Coulter's 'Mugged' the Antidote to Media Accusations of Racism Against Romney Voters

You know the Obama campaign is getting desperate when its allies in the mainstream media have begun to attack voters--not just Republicans, not just the Romney campaign, but voters--as racists. The latest version of this attack came from left-wing conspiracy theorist Andrew Sullivan on ABC's This Week, who stated that the map of Romney voters would match that of the old Confederacy if Virginia and Florida swung to Romney.

Which is why it's a good thing that Ann Coulter included maps in her new book, Mugged: Racial Demagoguery from the Seventies to Obama. Though liberals often claim that the Old South votes Republican for racist reasons (conveniently ignoring the fact that white segregationists were Democrats), Virginia and Florida went Republican in 1952, 1956, 1960, 1968, 1972, and often thereafter; they were hardly bastions of racism.

Throughout the civil rights era, in fact, when some other southern states voted for segregationist Democrats, the only time Virginia and Florida voted Democrat was in 1964, less than a year after President John F. Kennedy had been assassinated. Later, they split in 1976, with Florida going Democrat, and again in 1996, with Florida going Democrat again. That picture of the South is more complex than Sullivan cares to note.

Coulter takes on other false liberal claims of conservative racism, and turns the tables with historical facts. She calls Democrats "civil rights chickenhawks," noting that the civil rights movement not only marched against the Jim Crow laws imposed by Democratic governments, but that it would not have succeeded without disproportionate Republican support. Only afterwards, she argues, did Democrats attempt to claim credit.

Another area of focus for Coulter is the phenomenon of racist hate crimes against blacks. While Coulter acknowledges that these do occur, and condemns them, she notes that some of the most notorious crimes were falsified or manipulated to stir public outrage. The resulting backlash, she says, has produced very real crimes against other minorities or whites, which the media fails to highlight to the same extent.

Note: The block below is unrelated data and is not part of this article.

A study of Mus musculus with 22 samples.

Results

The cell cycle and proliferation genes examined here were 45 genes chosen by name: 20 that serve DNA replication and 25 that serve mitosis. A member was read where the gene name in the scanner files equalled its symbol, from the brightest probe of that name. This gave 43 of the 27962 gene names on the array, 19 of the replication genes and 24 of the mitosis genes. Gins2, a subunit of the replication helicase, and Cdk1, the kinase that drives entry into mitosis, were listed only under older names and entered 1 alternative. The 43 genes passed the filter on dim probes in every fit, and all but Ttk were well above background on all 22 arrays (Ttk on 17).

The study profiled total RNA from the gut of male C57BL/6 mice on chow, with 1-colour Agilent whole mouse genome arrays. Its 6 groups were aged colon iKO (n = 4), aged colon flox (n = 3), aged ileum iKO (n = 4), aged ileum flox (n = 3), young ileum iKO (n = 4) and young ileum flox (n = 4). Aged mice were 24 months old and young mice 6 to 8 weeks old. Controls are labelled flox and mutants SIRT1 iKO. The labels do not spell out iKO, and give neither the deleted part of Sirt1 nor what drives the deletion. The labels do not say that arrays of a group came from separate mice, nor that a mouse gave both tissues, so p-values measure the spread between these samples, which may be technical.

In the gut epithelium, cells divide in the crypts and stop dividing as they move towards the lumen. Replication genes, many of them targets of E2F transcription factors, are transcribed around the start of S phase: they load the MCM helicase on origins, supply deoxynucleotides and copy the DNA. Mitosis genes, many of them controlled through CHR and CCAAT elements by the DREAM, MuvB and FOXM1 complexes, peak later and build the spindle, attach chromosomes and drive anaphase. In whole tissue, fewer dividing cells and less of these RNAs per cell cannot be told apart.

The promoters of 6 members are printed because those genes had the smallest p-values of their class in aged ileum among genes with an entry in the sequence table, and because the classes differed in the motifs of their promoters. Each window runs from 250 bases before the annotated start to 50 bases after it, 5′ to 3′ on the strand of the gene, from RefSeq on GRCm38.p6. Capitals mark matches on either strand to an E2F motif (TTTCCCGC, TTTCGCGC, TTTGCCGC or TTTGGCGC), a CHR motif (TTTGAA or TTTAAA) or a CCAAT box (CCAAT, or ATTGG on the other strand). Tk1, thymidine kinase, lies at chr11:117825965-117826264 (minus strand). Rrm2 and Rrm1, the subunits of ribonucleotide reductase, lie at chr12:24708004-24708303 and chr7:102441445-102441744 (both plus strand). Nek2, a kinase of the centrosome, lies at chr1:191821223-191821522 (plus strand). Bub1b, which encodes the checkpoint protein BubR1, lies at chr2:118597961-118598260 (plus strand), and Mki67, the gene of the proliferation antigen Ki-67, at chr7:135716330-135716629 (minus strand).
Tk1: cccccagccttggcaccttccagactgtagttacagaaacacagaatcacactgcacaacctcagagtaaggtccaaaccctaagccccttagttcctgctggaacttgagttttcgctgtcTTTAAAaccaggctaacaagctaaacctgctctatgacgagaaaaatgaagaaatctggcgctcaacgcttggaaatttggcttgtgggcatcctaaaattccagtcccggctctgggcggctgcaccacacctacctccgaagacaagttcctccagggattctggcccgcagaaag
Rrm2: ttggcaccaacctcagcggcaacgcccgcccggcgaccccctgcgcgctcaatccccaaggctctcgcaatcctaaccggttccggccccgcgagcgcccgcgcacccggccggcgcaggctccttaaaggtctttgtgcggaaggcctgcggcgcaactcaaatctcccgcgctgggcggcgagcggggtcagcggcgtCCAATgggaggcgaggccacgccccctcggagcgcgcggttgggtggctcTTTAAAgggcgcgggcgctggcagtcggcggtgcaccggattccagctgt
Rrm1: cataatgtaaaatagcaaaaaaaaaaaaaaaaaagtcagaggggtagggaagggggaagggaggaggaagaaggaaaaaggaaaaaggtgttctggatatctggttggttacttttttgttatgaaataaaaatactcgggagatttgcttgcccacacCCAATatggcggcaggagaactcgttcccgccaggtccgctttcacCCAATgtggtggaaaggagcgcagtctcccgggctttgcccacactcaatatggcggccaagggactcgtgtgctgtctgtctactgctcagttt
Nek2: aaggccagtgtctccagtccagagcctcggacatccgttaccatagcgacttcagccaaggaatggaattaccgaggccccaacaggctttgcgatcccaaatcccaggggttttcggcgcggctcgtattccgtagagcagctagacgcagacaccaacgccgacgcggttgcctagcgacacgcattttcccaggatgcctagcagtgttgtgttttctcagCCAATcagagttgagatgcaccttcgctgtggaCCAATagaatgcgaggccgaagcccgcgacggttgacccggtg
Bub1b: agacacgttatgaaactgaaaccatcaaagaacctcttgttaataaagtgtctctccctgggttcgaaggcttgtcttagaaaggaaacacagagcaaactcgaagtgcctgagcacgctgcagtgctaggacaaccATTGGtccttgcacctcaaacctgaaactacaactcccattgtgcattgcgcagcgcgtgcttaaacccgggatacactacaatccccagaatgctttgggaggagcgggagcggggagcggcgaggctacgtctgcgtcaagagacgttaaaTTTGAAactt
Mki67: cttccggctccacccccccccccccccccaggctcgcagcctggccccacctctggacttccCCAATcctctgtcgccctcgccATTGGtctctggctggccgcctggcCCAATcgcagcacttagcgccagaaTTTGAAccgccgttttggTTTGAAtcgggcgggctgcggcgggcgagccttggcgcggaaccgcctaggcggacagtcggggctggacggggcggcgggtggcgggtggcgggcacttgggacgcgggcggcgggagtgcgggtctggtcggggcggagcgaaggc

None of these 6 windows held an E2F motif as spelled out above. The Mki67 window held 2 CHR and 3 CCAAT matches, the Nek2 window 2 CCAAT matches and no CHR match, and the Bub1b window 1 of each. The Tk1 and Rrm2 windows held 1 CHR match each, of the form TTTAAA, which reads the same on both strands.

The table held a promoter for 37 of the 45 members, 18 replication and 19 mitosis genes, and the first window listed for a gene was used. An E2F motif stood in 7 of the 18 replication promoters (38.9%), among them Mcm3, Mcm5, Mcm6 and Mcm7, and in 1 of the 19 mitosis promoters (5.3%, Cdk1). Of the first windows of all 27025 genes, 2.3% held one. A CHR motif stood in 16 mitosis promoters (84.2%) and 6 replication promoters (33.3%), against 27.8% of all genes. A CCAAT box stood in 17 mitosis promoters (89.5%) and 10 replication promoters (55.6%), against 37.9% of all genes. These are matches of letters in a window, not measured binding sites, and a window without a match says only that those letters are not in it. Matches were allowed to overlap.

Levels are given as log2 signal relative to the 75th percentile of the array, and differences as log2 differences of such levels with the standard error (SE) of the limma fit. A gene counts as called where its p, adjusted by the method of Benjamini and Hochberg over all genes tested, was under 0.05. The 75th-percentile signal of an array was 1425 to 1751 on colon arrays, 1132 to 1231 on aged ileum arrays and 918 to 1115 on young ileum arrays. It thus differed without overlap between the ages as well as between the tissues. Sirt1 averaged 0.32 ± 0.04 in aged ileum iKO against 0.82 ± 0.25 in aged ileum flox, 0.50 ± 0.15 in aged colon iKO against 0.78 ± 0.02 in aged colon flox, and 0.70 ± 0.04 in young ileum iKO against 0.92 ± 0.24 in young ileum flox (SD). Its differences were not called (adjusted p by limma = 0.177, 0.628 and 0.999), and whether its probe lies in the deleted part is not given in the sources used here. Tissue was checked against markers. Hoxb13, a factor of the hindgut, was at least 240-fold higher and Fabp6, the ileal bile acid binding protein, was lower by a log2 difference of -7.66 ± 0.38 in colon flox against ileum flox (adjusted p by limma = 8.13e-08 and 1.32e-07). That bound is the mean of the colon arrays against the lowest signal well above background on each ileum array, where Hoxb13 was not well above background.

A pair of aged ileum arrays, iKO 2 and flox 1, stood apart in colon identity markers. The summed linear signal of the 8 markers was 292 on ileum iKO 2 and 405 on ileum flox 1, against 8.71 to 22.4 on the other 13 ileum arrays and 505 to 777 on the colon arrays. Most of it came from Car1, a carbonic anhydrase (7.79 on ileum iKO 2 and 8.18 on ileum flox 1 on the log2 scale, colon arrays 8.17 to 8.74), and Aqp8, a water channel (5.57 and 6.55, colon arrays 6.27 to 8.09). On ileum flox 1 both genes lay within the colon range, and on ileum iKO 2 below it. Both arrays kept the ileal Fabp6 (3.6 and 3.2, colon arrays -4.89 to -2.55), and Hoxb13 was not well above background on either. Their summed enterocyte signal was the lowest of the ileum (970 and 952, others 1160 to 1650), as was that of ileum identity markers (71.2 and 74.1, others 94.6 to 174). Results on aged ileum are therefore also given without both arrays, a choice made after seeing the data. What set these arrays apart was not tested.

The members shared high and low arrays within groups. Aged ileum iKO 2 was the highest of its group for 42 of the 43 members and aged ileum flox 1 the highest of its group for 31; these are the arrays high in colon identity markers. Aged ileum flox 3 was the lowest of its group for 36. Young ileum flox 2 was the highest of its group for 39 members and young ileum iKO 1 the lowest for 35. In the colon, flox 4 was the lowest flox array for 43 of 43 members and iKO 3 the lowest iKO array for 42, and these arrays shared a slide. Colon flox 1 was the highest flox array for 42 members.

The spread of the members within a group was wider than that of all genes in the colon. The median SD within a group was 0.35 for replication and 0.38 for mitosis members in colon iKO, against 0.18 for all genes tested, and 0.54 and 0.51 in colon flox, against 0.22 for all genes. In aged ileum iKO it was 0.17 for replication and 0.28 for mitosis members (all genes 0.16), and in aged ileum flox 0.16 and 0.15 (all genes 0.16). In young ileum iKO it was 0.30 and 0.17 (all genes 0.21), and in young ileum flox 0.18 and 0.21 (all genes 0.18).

Coulter's theory as to why crime and other antisocial behaviors persist in the black community consists of two claims: first, that the black community absorbed many of those behaviors from their white neighbors of Scottish, Irish, and Welsh descent; and second, that unlike those white neighbors, the black community was coddled by liberal politicians and liberal policies that traded law and order for political correctness. 

The second argument is more convincing than the first, largely because it is supported by more evidence, including the breakdown of black families across the past several decades of welfare-statism. Even if the first theory is wrong, however, it is clear why Coulter is attracted to it: it is an alternative to explanations that blame slavery, or which seem to place the burden of responsibility on the black community itself.

Indeed, Coulter's target throughout the book is white liberals, whom she blames for the state of racial politics in the United States today. They use accusations of racism as a cudgel to beat their conservative opponents, while supporting policies that make life more difficult for black Americans--sometimes intentionally. Their only interest is using black votes to maintain themselves in privileged positions of power.

Coulter's book makes an excellent companion to Jonah Goldberg's The Tyranny of Clichés: How Liberals Cheat in the War of Ideas, as well as to Andrew Breitbart's Righteous Indignation: Excuse Me While I Save the World!, both of which confront liberal hypocrisies on race. With the media trying to shame voters into re-electing a failed president by accusing them of being a kind of lynch mob, Coulter's Mugged is a timely intervention.